The Lotus Seven Pecking Order
The original Lotus Seven was manufactured and sold between 1957 and 1972. The popularity of the Seven spawned hundreds of replicas in the years following, virtually all of them kits. Some of the kits were very true to the original, others less so. The vast majority were not complete kits, in that you still had to supply an engine, a drive train, and various other bits.
Because of the differences between the replicas, a pecking order has developed in the Seven world. In 1973 Lotus sold the rights to the Seven to Caterham Cars and a few other companies. Of those, only Caterham is still producing Sevens. As such, Caterham is King of the Lotus Seven replicas, and can lay some claim to not being a replica at all. Their kits are complete, well developed, and expensive.
On the next rung down are the original Lotus Sevens. This may sound surprising, but to Lotus Seven and particularly Caterham owners, the modern Caterham is a direct descendant of the line, and far more refined. A Caterham is faster, quieter, more reliable, and more comfortable than a Lotus. It also costs more.
The next several rungs are occupied by the more popular replica kits. In the U.S., the Stalker is probably at the top, followed by the Birkin and other Ford-engined kits. Below these would be the Westfield and the Miata-engined kits. The order would be different in England, Australia, New Zealand, South Africa, and other English-speaking countries where the British-made kits (and the South African Birkin) are preferred.
At the bottom of the ladder is the Locost. This may seem rather unfair to Locost builders, who after all did far more work to construct their Lotus Seven replicas than any of the kit builders, and could therefore be considered more dedicated than anyone else to maintaining the breed. Their level of effort is unparalleled in the kit world.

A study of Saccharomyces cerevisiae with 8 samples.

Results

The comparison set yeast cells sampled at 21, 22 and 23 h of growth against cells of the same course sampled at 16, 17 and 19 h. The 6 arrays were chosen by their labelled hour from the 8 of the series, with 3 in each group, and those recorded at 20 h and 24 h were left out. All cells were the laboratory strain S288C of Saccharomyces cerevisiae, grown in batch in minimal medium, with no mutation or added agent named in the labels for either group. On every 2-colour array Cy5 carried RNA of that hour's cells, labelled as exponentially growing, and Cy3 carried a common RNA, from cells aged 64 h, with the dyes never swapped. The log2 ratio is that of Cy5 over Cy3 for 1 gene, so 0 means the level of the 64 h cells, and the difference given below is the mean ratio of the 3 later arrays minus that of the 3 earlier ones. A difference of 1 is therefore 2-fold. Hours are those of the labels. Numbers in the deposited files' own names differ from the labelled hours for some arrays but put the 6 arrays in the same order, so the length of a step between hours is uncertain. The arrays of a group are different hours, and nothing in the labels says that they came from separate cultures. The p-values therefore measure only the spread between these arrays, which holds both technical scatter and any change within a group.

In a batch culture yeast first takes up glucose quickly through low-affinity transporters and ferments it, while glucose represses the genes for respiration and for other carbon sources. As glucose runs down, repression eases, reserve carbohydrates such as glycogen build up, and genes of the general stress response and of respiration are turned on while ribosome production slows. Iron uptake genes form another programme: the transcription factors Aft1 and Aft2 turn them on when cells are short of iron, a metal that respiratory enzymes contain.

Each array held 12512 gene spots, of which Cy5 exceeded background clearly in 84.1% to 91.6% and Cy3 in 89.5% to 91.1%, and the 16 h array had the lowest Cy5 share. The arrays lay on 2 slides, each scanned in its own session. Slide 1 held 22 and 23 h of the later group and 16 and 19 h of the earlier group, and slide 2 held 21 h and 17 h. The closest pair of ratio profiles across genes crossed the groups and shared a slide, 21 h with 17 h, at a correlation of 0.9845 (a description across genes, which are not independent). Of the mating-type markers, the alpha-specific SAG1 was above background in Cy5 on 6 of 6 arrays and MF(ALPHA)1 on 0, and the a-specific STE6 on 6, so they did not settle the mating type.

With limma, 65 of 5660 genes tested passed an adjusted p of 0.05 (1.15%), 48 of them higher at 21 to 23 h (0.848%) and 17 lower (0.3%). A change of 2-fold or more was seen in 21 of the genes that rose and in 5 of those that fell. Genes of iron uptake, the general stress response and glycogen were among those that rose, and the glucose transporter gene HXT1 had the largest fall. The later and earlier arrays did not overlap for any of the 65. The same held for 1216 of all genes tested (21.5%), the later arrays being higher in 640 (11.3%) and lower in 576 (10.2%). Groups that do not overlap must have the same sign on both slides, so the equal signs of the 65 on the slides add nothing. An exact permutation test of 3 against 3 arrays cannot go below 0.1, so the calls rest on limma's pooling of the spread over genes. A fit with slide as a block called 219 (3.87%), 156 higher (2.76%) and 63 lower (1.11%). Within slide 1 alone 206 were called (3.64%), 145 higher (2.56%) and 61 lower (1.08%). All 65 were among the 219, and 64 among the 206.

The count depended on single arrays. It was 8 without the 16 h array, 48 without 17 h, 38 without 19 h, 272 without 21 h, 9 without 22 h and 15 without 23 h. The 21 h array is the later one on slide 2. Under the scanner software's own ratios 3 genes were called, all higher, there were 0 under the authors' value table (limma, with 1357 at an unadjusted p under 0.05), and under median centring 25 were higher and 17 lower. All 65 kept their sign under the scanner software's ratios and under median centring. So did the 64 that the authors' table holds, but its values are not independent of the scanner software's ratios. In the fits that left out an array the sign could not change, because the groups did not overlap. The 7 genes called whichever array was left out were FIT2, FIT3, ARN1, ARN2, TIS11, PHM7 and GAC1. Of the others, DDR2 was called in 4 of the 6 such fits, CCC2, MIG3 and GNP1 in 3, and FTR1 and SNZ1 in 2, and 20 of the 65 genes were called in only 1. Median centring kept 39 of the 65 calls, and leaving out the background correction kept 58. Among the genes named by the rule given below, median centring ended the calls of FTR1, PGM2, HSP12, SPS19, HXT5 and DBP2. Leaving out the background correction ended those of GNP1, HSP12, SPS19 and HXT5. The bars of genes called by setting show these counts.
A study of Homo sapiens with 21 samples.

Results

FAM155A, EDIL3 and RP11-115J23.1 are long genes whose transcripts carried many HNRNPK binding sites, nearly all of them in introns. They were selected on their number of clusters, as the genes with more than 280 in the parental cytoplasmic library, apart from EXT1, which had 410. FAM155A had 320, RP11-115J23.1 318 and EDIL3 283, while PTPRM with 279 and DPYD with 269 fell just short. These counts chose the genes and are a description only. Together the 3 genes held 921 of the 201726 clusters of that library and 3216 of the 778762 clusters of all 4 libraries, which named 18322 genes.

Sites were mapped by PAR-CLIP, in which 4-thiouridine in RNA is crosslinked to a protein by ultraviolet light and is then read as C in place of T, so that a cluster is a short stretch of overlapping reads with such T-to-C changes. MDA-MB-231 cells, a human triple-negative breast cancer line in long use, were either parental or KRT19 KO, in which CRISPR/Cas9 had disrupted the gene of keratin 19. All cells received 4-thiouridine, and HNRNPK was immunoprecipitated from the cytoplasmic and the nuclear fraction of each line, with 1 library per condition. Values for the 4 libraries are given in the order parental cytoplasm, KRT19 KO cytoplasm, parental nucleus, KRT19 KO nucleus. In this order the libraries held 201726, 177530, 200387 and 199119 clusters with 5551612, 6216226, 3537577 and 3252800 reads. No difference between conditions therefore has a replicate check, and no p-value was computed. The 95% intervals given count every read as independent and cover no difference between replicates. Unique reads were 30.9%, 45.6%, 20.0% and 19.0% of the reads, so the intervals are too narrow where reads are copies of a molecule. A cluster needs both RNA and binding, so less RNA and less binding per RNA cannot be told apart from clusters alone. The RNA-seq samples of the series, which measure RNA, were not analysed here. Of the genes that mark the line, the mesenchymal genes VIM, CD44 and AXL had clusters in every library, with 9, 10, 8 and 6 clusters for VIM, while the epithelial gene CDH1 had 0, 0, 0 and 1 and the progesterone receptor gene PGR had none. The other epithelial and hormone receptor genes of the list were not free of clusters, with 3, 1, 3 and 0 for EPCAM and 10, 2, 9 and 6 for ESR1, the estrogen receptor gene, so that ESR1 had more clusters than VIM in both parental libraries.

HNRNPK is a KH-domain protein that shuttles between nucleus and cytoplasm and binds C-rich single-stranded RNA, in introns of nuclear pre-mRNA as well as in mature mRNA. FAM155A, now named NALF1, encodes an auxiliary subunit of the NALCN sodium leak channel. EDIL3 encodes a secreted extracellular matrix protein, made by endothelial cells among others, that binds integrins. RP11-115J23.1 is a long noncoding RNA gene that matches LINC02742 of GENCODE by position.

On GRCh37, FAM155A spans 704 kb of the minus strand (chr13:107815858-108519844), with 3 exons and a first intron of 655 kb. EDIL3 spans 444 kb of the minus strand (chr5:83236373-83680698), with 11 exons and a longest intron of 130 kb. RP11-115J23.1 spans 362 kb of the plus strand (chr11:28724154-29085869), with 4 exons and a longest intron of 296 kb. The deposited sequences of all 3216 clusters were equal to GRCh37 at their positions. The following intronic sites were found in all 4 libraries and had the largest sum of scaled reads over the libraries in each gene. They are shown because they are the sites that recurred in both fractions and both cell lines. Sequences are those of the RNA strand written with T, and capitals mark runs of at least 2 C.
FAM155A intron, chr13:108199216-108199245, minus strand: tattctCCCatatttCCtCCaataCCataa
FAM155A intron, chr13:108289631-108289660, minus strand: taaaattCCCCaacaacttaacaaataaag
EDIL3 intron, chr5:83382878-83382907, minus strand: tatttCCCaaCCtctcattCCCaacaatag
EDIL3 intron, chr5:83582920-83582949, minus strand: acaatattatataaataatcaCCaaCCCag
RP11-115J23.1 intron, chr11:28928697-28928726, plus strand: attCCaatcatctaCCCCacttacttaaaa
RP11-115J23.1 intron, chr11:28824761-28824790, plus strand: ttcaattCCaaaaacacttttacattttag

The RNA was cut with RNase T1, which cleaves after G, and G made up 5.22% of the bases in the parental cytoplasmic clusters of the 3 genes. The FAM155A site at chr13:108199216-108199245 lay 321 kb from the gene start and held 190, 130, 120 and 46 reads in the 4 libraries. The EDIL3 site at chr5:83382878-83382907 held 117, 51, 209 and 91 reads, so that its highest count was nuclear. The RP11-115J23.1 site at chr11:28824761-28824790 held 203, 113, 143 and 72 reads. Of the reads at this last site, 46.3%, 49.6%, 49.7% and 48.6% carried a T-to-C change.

Unfortunately the pecking order is not based on effort, but on cost. The thinking goes that Locost builders would have opted for a more sophisticated Birkin or Caterham, or a much faster Stalker, if they could have afforded it. To a great extent this is true. The Locost lets you into the exclusive Lotus Seven replicas club at a bargain price, and everyone knows it.
Each rung of the ladder has subcategories, based on the different models from each manufacturer, the year, and the quality of the build. None of these variations is enough to move up or down a rung, so even the most fabulous Locost build will not be up to par with any of the kits. Similarly, a beautifully restored original Lotus Seven can't measure up to any running Caterham.
Traditionally, automotive status has been determined on the road. Most enthusiasts would agree that the best car is the one that crosses the finish line first. But as V8-powered Stalker owners quickly learn, performance is not a factor in determining the relative worth of a Lotus Seven replica. The pecking order is set in stone before the build even begins.
The pecking order manifests itself at car meets, on the Internet, and in the car media. Park a Locost next to a Birkin, for example, and it's obvious who's posing, at least until a Caterham rolls in and puts the Birkin in its place. Gentlemanly respect is still accorded each of the drivers, but everyone knows the score. There is no intent to slight any builder or owner, it's just how things are in the Seven world.
Whether or not this affects your buying decisions when considering a Lotus Seven replica depends on your priorities. If you like being part of the in crowd, you should probably have your sights set on a Caterham, or at least a nicely-restored original Lotus Seven. If all you care about is having a fast, fun, unique sports car, a Locost will give you that, and do it as well as any of the replicas. Yes, we're biased.